Because there are some obvious copyright problems with the title "Dung & Dragons," I've been calling the game "Dragon Ranch Co-Op" as a bit of a joke. It's a co-op game about a co-op ranch. Get it?... Okay, maybe it's only funny to me.
Completely by accident, this name abbreviates to DRCO, just one letter shy of "DRACO." My mind wandered across various options until "Anarchist" popped up. I thought that was funny, too. What if the theme wasn't just a simple co-op ranch, but an anarcho-utopian commune as well? How that might affect the mechanics of the game?
As you know from previous posts, the central mechanic of Dragon Ranch is everyone choosing actions, then the number of matching choices affecting the potency of those actions. For example, sometimes more people on a task is good, like shoveling poop from the stables. Sometimes it's not, like feeding the dragons too much and causing them to get sick. Everyone decides on their own, but tries to coordinate with each other, in true communal co-op fashion.
But let's say this fictional commune put those duties to a blind vote. What if you didn't know who chose which action? How does that affect the culture of the co-op? Here's a quick mechanic, inspired by The Resistance:
Secret Action Selection
Each player has a set of action cards.
Each card represents different tasks around the ranch.
Each turn, each player secretly hands a card to the leader of the round.
Unchosen cards are set aside. *
The leader shuffles the chosen actions and reveals them.
Each action is resolved in order, their potency affected by number of matching actions.
The leader shuffles all action cards and deals a complete set back to each player. *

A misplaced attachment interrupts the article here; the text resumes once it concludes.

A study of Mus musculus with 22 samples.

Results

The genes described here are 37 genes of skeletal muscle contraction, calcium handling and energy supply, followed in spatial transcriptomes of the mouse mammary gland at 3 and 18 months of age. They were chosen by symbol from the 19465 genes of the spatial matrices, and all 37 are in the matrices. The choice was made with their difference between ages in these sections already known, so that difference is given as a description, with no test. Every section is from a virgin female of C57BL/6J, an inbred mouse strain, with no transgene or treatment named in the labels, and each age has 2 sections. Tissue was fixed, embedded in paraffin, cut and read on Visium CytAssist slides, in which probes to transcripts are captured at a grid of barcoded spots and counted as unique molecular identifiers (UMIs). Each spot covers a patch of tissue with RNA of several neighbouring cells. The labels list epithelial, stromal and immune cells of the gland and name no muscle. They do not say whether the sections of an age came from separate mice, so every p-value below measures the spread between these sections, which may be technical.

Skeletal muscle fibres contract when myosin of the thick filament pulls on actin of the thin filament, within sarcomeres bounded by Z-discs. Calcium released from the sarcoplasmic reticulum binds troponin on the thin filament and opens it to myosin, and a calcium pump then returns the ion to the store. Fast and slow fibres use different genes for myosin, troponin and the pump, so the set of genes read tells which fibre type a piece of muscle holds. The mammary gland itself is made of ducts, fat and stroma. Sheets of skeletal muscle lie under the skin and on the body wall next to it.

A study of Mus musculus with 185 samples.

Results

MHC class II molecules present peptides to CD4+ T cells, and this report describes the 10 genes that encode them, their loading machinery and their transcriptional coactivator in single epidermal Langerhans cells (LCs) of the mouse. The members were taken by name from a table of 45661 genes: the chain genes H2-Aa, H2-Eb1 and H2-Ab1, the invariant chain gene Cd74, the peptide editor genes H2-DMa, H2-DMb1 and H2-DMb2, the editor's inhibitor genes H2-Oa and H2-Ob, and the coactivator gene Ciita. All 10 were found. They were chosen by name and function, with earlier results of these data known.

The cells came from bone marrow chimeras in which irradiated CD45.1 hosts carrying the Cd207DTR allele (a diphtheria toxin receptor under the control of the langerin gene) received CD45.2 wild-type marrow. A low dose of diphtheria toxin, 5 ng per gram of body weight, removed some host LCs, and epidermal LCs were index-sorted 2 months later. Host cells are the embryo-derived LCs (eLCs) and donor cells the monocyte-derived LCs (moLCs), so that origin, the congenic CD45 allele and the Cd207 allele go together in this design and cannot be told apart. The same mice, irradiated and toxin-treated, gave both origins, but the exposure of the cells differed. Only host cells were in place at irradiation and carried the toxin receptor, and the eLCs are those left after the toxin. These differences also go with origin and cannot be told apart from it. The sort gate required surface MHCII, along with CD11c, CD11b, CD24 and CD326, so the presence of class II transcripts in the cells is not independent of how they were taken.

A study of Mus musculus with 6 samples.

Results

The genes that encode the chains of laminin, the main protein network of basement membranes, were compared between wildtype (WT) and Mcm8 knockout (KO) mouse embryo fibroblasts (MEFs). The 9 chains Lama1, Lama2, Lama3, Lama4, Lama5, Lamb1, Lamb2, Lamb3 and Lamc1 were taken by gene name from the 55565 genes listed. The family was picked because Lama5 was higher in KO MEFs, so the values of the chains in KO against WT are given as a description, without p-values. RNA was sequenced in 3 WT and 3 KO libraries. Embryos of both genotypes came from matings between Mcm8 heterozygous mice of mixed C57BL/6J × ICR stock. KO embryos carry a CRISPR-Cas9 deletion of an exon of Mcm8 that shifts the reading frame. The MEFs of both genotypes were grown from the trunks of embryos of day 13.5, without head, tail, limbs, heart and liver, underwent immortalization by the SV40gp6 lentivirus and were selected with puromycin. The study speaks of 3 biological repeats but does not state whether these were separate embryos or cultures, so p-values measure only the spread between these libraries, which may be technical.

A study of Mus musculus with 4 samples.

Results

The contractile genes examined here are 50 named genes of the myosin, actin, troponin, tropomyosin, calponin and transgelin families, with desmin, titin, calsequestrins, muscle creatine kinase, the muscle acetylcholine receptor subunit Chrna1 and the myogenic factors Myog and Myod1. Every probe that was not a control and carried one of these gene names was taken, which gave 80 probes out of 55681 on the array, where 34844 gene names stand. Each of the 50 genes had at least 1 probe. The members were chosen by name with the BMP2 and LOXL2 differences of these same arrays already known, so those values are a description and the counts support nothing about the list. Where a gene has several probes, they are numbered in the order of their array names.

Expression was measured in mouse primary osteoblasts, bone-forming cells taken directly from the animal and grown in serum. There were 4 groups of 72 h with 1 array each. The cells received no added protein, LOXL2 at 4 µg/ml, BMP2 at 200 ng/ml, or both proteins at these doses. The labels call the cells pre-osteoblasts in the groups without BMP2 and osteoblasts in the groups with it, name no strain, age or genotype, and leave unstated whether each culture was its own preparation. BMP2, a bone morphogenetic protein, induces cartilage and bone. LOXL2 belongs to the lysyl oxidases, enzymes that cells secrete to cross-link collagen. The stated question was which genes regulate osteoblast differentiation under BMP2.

With co-op gameplay and group victory conditions, I wonder what emergent behavior this would create. How much discussion would there be between rounds? Would committees form naturally? Would the co-op disintegrate from infighting? Very interesting!
Assume each player has two or three special secret victory point goals. (Kind of like the Belles in Belle of the Ball.) These conditions could be designed so that they are tied to a particular action. To get the optimum result, you need a certain number of people to do the same action. You only get one chance to contribute to that matching set, so coordinating, coercion, and timing are key.
In a two-player game, each player gets three individual sets of cards. In a three-player game, each player gets two sets. In a four-, five-, or six-player game, each player gets one set.
This also allows for some deduction as the game goes on. Once you see a certain action come up a certain number of times, you know it's not going to come up again. Now remember, there are six action cards, but seven rounds. By that last round, everyone is out of actions! What to do?
Shuffle the action cards again. Deal a full set of action cards back to each player. In this last round, the group has one last chance to coordinate and coerce each other into their plan. Man, I really need to develop this further.